Shocking new research has revealed that a British-born flower may be a potential cure for cancer. The flower is the Autumn crocus, which has historically been recommended as a treatment for inflammation. Treatments using this flower were able to slow the progression of various cancers in mice, and in some forms of cancer the treatment was able to eradicate the cancer completely.

So how is the autumn crocus capable of producing such amazing results? The flower contains a chemical, known as colchicine, which is lethal to not only cancer, but also other tissues in the human body. However, a team of researchers at the Institute for Cancer Therapeutics at the University of Bradford has altered colchicine so that it is “inactive” until it reaches the cancer. Professor Patterson explains, “What we're looking for is a delay in the growth of the tumor…"But sometimes the treatment is so effective that in half of the studies, the mice appeared to be cured of their cancer. All mice responded to the treatment.” Professor Patterson elaborates saying he is “very optimistic about the opportunities of the treatment, but still cautious because everything done to date has been in the laboratory.” BBC News explains that the altered colchicine works when it reaches the tumorous tissue, whereupon it activates and breaks apart the blood vessels that surround the tumor. Tumors spread through enzymes that they create, whose role is to break apart normal cells and when they break off the protein attached to the colchicine, it then becomes activated. The cancers that were primarily studied in this preliminary research were sarcoma, prostate, lung, colon, and breast cancer.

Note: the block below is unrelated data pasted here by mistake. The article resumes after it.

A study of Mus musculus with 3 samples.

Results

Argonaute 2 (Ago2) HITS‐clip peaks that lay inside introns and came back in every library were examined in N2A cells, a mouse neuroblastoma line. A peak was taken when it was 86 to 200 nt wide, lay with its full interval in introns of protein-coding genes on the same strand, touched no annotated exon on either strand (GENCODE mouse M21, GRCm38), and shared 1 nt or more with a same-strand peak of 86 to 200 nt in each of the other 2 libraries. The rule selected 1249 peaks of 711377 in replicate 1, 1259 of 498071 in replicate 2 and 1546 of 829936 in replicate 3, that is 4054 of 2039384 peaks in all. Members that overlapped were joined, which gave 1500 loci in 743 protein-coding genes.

Despite the exciting implications that this research poses, the UK Cancer Research Institute has tried to calm any hype that these findings might provoke. The reason? Mice are very different from humans. Although the colchicine treatment showed amazing effects in the rodents, the human body is far more complex. But the Cancer Research Institute doesn’t entirely reject the research-far from it. According to them, “The researchers’ results so far are impressive, but they’re just one of several hundreds of similar intricate approaches taken to tackle cancer by researchers around the globe, which are generally referred to as ‘enzyme-prodrug therapy’, and involve activating a harmless form of a drug near or in a tumor… Overall it’s fair to say that this kind of approach is still at a relatively early stage, although the Bradford results are certainly impressive, and their beauty is in their relative simplicity.”

Ultimately, it is impressive what potential lies within a seemingly simple flower. The Autumn crocus will certainly be given more attention in future years!